Why do we spend time and money to protect species? The bog turtle which is North American’s smallest turtle cannot be so important that we must try to protect it from extinction. This turtle is only about 4 inches long as an adult. How important can it really be?
When Congress passed the Endangered Species Act of 1973 it declared “species of fish, wildlife, and plants are of esthetic, ecological, educational, historical, recreational, and scientific value to the Nation and its people.” And not only should we protect the species, but we also need to conserve the ecosystems which these species depend.
Extinctions occur naturally, but lately the current extinction rate is occurring at a much higher rate than the past. The major cause of extinction and loss of biodiversity is habitat loss. Additional threats is the introduction of invasive species, over-exploitation and environmental pollution. The greatest threats to the critically endangered bog turtle are the loss, degradation and fragmentation of its habitat from wetland alteration, development, pollution, invasive species and advanced plant growth. The species is also threatened by poaching—collection for illegal wildlife trade.
John Muir, co-founder of the Sierra Club, said “When we try to pick out anything by itself, we find it hitched to everything else in the Universe.” All living things are part of a complex network of food webs which all together make up our biosphere. The removal of a species from an ecosystem can set off a chain of events affecting many others. Do you recall how important a keystone species is to its ecosystem? The wolves of Yellowstone, the sea otters of the Pacific Ocean, and the flying fox of the rain forest are just a few examples of species which are so important that their loss can result in the collapse of their ecosystem.
Countless numbers of different organisms be it either plant or animal has contributed to the creation of medicines which we use today. The anti-cancer taxol was originally extracted from the bark of the Pacific yew tree. Scientists say the chemical structure which makes up taxol is so complex they would have never invented it on their own. Taxol is used to treat advanced cases of ovarian cancer and until the discovery the Pacific yew as considered a weed tree which was a pest and no use for anyone.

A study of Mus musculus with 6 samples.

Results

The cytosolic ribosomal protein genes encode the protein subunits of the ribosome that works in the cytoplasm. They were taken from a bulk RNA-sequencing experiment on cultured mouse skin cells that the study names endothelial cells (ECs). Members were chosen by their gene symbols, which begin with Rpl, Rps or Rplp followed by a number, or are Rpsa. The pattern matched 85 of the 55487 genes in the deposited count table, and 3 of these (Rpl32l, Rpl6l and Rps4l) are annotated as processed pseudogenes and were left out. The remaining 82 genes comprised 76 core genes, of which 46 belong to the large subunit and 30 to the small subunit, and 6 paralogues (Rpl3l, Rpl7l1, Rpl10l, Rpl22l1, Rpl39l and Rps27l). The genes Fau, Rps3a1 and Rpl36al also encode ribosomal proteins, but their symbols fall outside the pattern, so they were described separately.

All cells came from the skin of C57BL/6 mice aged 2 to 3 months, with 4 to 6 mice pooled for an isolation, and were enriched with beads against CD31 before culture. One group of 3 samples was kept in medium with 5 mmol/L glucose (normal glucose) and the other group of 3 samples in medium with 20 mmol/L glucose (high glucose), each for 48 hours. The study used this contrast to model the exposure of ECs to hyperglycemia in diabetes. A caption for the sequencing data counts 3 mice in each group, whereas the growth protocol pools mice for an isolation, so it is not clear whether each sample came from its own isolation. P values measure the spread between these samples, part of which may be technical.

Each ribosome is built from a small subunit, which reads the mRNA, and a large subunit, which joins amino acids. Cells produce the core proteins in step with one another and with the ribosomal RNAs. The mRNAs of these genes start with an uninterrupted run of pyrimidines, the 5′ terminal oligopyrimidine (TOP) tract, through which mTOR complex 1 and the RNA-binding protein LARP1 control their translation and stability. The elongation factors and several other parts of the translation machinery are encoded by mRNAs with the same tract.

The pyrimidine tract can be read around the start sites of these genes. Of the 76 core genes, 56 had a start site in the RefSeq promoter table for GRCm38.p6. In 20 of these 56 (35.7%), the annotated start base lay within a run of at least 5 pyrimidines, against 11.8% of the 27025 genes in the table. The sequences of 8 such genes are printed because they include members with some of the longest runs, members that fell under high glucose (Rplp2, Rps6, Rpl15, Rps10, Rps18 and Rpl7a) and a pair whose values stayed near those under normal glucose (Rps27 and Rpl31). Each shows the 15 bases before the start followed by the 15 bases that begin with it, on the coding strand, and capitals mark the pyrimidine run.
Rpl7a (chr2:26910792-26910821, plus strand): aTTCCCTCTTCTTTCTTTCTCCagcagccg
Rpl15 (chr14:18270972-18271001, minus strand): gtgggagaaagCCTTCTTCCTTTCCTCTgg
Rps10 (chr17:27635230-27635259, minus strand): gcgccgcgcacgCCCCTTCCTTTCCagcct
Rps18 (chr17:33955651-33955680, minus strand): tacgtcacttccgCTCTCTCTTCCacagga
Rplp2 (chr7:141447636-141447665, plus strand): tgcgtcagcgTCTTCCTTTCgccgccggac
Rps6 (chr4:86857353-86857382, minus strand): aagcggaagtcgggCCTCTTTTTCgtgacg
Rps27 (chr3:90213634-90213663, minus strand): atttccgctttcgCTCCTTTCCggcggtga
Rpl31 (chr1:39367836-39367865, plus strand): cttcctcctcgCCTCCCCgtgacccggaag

Do you think we would still be spraying DDT like it was an air freshener in a men’s locker room if it was not for the rapid decline of our birds of prey such as the bald eagle and the peregrine falcon? These birds served as early warning indicators that something was amiss, and we needed rapid action. We have many species which can serve as indicator species such as lichen and the eastern white pine that can detect excess ozone, sulfur dioxide, and other air pollutants. Mayflies and stoneflies are good indicators of healthy streams. The Environmental Protection Agency uses salmon as an indicator of the health of the greater Pacific Rim.
What is an endangered species lacks a known benefit to mankind, should we care? Some people believe every creature has an intrinsic value. Wildlife is also a source of inspiration. Biodiverse ecosystems have provided inspiration for writers and artists who have provided us with countless stories and artwork like that of Henry David Thoreau for his book Walden, Claude Monet for his painting The Water Lily Pond, and the many photographs of Ansel Adams.
Back to the bog turtle. Why does the bog turtle deserve protection? Bog turtles are a flagship species for wetland conservation and water quality. Bog turtles prefer headwater wetlands fed by springs which are clean and highly oxygenated. These headwater wetlands feed into streams and rivers which provide essential habitat for many other species. Like the decline in the bald eagle populations, the decline of the bog turtle is indicating to us we are losing these essential wetland habitats and all of the ecosystem services they provide such as purifying water, recharging underground aquifers, and absorbing floodwaters. The wetlands preferred by the bog turtle are also home to many rare plants and animals like the American woodcock and the dragon’s mouth orchid.
The next time someone says, why should we care about protecting species I hope you now have a response you can provide to them. Remember, ignorance is our enemy.